Bear that Killed and Ate Unarmed New Jersey Hiker in 2014
U.S.A. –-(Ammoland.com)-On 31 May, 2019, at about 1 p.m., a woman hiking with her husband on a popular trail near Aspen, Colorado, was bitten in an unprovoked attack by a black bear. She was bitten on the thigh and required hospitalization for a short period.
Most bears that show no fear of humans have become acclimated to humans. Bears that have no fear of humans are likely to test humans to see if humans are potential prey. Eventually, the bears have a good chance of causing harm.
The case illustrates how effective a pistol could be at stopping bear attacks, especially black bear attacks.
The bear had to be stopped, because it had become a danger to humans. If the woman or her husband had been carrying a common pistol, they could have stopped the bear attack and terminated the bear before any harm was done.
The bear was an adult male of about 224 pounds. The woman who was attacked understands the necessity of killing the bear. From kdvr.com:
But she understands why CPW had to put the bear down.
“It breaks my heart, but I do (understand) because in this case, the bear was not afraid. I found out this is a path used by kids, it’s close to the city, thank goodness an old gnarly lady, not a child… could’ve been disastrous,” Jansson said.
CPW found the bear within 100 feet of where it attacked Jansson.
“We have to be more respectful, give them their space and not put things out in our yards that are going to attract them and get them used to humans and these kinds of attacks become more common,” Jansson said.
The couple saw the bear a significant time before the attack occurred. They had time to step off the trail and watch the bear as it approached to within mere feet of them. There was plenty of time for them to draw a pistol, take aim and fire, if they had understood the dynamics and the necessity.
No wild bear should be allowed to approach so closely to a human without consequences. If a bear approaches this close, it is a danger and should be put down.
Colorado Parks and Wildlife understood the necessity of killing the bear as well. From newsweek.com:
Authorities said they will be forced to put the bear down when it is captured.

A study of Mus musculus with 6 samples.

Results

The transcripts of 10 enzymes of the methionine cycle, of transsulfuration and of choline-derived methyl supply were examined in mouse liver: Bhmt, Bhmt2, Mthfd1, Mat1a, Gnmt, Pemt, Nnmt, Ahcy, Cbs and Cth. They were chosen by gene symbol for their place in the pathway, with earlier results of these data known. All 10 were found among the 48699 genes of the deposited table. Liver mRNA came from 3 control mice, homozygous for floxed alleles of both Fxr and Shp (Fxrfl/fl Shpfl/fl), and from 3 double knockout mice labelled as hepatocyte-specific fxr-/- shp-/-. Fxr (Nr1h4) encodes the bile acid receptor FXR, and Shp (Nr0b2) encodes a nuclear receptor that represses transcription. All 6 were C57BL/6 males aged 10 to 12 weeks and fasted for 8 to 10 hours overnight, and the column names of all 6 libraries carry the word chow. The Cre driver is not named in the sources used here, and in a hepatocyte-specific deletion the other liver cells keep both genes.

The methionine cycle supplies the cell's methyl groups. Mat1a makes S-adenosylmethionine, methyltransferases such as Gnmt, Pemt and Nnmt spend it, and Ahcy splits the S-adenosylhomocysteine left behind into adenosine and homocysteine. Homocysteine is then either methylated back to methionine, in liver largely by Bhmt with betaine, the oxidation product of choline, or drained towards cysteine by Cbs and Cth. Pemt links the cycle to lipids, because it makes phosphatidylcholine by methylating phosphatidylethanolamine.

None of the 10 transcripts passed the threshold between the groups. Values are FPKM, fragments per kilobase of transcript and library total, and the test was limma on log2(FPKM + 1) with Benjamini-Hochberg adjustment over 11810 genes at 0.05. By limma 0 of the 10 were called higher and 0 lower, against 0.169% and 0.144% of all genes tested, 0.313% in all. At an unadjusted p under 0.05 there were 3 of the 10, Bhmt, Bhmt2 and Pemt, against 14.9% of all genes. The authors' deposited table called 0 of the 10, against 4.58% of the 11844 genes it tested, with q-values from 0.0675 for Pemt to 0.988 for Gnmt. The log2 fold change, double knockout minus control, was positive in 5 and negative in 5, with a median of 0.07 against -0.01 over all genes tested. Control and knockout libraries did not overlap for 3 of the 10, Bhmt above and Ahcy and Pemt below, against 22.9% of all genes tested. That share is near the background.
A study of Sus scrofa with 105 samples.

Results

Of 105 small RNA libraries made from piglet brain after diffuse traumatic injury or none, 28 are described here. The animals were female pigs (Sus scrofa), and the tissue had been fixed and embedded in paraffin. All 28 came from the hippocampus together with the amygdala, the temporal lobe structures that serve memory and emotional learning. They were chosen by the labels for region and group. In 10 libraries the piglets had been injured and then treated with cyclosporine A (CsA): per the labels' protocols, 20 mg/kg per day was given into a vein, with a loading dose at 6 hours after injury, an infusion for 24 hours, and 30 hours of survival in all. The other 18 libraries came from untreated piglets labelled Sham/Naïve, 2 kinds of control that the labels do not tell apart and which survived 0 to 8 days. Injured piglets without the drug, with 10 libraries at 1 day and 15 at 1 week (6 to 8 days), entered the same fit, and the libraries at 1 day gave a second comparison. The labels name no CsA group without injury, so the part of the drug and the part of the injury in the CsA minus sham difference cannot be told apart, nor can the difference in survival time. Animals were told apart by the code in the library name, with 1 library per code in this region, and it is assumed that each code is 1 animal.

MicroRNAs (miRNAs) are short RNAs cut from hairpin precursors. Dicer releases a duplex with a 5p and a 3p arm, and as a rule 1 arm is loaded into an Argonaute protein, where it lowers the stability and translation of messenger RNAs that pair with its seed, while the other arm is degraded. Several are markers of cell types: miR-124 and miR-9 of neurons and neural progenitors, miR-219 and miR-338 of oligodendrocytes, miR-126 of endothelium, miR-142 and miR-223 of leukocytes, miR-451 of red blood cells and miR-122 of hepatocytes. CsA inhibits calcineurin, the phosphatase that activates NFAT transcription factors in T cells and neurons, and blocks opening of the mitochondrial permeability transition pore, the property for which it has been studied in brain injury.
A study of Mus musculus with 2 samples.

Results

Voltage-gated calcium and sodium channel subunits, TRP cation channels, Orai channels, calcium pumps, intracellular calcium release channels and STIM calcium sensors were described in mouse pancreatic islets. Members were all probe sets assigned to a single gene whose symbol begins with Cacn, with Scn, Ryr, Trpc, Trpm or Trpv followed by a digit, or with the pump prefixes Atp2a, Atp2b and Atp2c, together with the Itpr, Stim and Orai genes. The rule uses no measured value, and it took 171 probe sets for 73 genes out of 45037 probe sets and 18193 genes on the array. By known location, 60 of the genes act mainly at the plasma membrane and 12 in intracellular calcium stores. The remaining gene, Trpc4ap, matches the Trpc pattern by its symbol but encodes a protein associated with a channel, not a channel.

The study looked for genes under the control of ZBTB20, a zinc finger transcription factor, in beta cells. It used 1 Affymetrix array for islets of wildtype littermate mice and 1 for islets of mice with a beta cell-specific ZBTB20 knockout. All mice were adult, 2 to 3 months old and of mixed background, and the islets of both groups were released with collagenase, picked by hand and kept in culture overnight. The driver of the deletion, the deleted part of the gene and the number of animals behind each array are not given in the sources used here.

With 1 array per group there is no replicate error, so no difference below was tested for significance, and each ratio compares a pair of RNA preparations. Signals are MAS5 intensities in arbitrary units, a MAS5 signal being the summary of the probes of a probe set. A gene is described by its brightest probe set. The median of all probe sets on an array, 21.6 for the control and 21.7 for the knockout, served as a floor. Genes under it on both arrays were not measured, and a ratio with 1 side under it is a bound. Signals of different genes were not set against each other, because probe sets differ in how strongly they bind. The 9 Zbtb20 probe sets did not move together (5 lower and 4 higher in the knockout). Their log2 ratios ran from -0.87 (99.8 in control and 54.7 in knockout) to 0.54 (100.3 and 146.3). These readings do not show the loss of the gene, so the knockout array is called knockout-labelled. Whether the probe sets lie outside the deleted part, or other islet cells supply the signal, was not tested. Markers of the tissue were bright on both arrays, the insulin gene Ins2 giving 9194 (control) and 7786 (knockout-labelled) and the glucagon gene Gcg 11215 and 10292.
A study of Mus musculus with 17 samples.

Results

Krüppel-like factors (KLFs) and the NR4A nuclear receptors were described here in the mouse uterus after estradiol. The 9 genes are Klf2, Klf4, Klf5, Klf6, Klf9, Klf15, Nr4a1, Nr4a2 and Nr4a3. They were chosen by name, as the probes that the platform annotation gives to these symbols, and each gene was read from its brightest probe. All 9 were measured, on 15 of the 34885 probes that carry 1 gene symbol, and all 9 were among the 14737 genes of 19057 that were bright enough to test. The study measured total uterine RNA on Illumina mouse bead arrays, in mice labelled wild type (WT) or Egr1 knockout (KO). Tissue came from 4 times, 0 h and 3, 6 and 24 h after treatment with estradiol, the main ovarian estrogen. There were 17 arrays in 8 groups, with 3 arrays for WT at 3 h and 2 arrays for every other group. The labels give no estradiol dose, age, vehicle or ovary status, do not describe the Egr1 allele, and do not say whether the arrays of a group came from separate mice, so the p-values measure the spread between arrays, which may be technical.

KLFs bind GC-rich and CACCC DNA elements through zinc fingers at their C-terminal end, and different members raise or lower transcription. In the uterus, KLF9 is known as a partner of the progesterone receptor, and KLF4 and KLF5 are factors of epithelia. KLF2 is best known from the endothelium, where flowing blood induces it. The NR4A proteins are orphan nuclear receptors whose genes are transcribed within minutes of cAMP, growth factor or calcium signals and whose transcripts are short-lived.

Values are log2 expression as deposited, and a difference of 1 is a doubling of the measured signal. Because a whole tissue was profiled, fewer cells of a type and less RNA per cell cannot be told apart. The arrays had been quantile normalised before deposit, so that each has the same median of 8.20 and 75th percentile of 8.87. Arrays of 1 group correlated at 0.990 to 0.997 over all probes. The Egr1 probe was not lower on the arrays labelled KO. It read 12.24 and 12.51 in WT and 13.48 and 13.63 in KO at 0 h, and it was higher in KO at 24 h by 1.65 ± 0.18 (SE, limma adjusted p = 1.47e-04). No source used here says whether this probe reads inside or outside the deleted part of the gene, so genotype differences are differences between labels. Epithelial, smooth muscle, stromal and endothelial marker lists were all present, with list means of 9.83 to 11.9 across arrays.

“This is an aggressive bear and by policy, we will put it down if found,” said CPW Officer Matt Yamashita. “But until we find it, the public should remember what to do if they see any bear. If it appears aggressive or shows no fear of humans, do not approach it. Haze it away by yelling or banging pots and pans, then call CPW or 911 immediately.”
There are fears that the bear, described as light brown and weighing around 200 to 300 pounds, may enter Aspen’s city limits before it is found.
The authorities found the bear and killed it.
DNA tests confirmed the bear killed was the one who bit the woman.
When bears are in common contact with humans, there will be conflict. Bears will need to be killed to prevent human injuries and death.
In 2017, Jennifer Churchill, a spokeswoman for the Colorado Parks and Wildlife, said over a hundred bears a year had to be put down in Colorado, and the number was rising.
It makes sense for the person who is put in harms way to be the one to stop conflicts and attacks by bears. Pistols have been shown to be adequate to perform the task. The skill level required to shoot bears, to stop an attack is not high, especially for black bears. Black bears are often seen at very close range as they set up for a predatory attack, or test the potential prey to see if it is a danger.
When a person who has been tested or attacked by a bear fails to kill it, a situation is created where the authorities are required to hunt down and kill the bear. It takes time, money, and resources. It more people are put at risk. It creates the potential for the wrong bear to be killed.
The obvious solution is for the person who is initially in the situation to kill the bear.
That is a primary advantage of handguns over bear spray. A handgun, used in defense against a bear, is very likely to kill the bear. Bear spray simply discourages the bear momentarily. Many black bears have continued to attack after being sprayed. Bear spray does not decisively stop future attacks.
Bear populations must be controlled by humans.
Bear populations are increasing. The surplus population will be involved with human conflicts as they spread out into human-occupied territory.
Bear attacks are very rare. If all bears involved in human-bear conflict were killed, it would not have any detrimental effect on overall bear populations.
The situation today is most aggressive bears are killed. Most of them are killed by the authorities, after the fact. It would be better if they were killed during or before the fact.
Surviving bears are likely to be somewhat less aggressive, as bears that easily habituate to humans are removed from the population.
About Dean Weingarten:
Dean Weingarten has been a peace officer, a military officer, was on the University of Wisconsin Pistol Team for four years, and was first certified to teach firearms safety in 1973. He taught the Arizona concealed carry course for fifteen years until the goal of constitutional carry was attained. He has degrees in meteorology and mining engineering, and recently retired from the Department of Defense after a 30 year career in Army Research, Development, Testing, and Evaluation.